Title? Untitle!: Mega BLOCK. Coder side. -
At this weekend I and Ksenia (@xushaw) have been working on game for Charity Game Jam. Thanks to Wasin Thonkaew (@haxpor) that I found out about it.
It was several reasons, why we decided to participate in this game jam. At first, main goal of game jam to collect money to make child’s…
A few weeks ago I had a very nice time talking and drinking with Chrys, who recently started working at Amazon Web Services.
The topic of customer service came to the table when he asked me why we (at Geosophic) had chosen AWS to host our servers instead of other providers (we had some other offers as being part of f6s.com).
We didn’t chose because of lower prices (although there are not much differences). I gave him my reasons:
Yeah, that last one doesn’t sound very reasoned, but usually feelings are built from small bits of real experiences.
Chrys told me “Yes, people loves Amazon!”. Well, I don’t know others, and I wouldn’t call it love, but I definitely feel charmed by Amazon.
“And they do because of the customer service. At Amazon we take it seriously” As it should be.
And he is completely right. It is because of the customer service. Amazon, like every other company out there makes mistakes, get packages lost and when an AWS region fails half of the tech world shakes. Besides the telcos, Amazon is the online company with which I’ve had more issues (it’s also the one I use most), and I still use their services. Why? Because with every single issue I had they did care and they fixed my problem first and then worked on fixing whatever caused the issue.
Once a book I ordered was taking way too long and after I contacted them they sent right away a new package. The most important thing for them at that point was that I received the book. After that, they can figure out what happened. Both books arrived (in the Canary Islands we have a lot of troubles with getting e-commerce deliveries).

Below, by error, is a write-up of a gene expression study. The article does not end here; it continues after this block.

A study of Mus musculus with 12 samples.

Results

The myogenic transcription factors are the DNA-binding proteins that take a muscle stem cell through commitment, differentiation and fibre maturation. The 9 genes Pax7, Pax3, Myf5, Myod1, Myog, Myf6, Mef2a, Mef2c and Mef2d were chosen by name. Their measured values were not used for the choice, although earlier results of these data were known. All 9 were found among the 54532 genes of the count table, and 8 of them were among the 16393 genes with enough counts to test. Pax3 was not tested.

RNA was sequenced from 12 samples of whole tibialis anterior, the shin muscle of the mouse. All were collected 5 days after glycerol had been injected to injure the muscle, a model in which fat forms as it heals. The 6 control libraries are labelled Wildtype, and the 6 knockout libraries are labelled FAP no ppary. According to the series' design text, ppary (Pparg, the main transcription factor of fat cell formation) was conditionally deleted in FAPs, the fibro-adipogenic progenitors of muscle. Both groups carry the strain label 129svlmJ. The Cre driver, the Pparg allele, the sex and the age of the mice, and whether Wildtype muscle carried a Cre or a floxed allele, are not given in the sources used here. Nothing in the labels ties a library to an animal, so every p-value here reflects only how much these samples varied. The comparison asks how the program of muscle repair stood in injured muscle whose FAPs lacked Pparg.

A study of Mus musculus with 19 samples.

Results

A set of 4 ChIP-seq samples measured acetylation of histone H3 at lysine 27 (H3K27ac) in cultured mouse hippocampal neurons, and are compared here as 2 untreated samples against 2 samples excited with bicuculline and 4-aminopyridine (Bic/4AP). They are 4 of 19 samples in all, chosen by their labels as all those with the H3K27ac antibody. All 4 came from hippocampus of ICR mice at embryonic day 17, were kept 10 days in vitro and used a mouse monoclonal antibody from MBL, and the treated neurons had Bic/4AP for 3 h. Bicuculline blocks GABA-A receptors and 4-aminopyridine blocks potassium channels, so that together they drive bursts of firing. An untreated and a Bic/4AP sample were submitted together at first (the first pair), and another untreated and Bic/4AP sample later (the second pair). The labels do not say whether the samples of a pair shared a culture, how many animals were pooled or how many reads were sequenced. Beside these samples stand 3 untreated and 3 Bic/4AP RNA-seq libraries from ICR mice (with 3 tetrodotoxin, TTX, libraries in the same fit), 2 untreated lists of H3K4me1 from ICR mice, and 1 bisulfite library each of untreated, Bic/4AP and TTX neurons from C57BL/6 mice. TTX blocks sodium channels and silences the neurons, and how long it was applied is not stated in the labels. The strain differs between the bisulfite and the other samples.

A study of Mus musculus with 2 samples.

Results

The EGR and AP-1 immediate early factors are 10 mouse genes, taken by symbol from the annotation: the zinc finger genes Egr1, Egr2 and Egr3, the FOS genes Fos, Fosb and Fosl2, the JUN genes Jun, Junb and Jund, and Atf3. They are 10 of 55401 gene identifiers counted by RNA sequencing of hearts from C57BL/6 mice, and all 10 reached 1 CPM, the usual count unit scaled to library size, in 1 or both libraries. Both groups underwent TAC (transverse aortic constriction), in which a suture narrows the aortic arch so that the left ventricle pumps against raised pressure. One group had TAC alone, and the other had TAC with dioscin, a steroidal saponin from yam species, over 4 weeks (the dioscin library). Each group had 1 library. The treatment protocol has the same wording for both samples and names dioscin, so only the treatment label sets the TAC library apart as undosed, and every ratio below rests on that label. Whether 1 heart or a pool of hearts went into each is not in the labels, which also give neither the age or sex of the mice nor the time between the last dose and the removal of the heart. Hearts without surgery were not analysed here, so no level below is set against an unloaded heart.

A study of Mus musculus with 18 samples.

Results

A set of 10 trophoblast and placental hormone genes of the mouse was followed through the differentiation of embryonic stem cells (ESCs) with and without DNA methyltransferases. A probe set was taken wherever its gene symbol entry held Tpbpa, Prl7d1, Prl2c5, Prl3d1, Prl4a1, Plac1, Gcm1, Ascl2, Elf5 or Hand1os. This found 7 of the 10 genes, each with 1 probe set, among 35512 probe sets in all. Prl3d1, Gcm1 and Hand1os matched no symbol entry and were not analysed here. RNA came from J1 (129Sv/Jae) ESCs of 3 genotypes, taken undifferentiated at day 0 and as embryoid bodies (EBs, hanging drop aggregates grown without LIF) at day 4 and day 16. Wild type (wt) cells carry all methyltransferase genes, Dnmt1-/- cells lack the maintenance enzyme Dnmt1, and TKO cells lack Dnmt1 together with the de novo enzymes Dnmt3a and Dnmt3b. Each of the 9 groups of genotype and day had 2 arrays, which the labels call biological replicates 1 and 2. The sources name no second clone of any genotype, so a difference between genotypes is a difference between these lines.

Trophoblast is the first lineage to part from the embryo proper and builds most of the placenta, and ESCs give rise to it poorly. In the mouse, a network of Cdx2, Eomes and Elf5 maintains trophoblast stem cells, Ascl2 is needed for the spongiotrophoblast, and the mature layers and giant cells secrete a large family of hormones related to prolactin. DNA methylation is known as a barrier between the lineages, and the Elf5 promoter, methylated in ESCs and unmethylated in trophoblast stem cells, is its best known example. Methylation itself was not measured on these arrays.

So, my lesson learned here is that a good customer service can make a huge difference, and at Geosophic we are taking this seriously.
Jack's: Let's reconsider our "users" -
1. A person who uses or operates something, esp. a computer or other machine.
2. A person who takes illegal drugs; a drug user.
During a Square Board meeting, our newest Director Howard Schultz, pulled me aside and asked a simple question.
This week I had to return back an iPhone I’ve been using for the last five months. I never had one before and was a bit reluctant to use it, but it was free! So, I took it happily.
At the beginning I couldn’t find such a substantial difference between the iPhone and my Sony Ericsson Xperia Arc S with Android. If you have a good device then the performance is similar and so the user experience.
In the last week I’ve using again my (not so) old smartphone I’ve felt like I was missing my iPhone. Until today.
Today I realized that what I am really missing is the iPhone apps ecosystem. I tried to find and install many of the apps I was using and to my surprise most of them are not available on Android. Prismatic (best usability example of a mobile app I’ve seen) is the one that I’m missing the most, and also a lot of games. I work in the mobile game industry, so I check a lot of games often. This doesn’t mean I don’t enjoy this “research” ;)
Smooth transitions, date selector… I can live without all of those, but apps… If Android (Google and pals?) wants to take lead it has to work hard on the app market.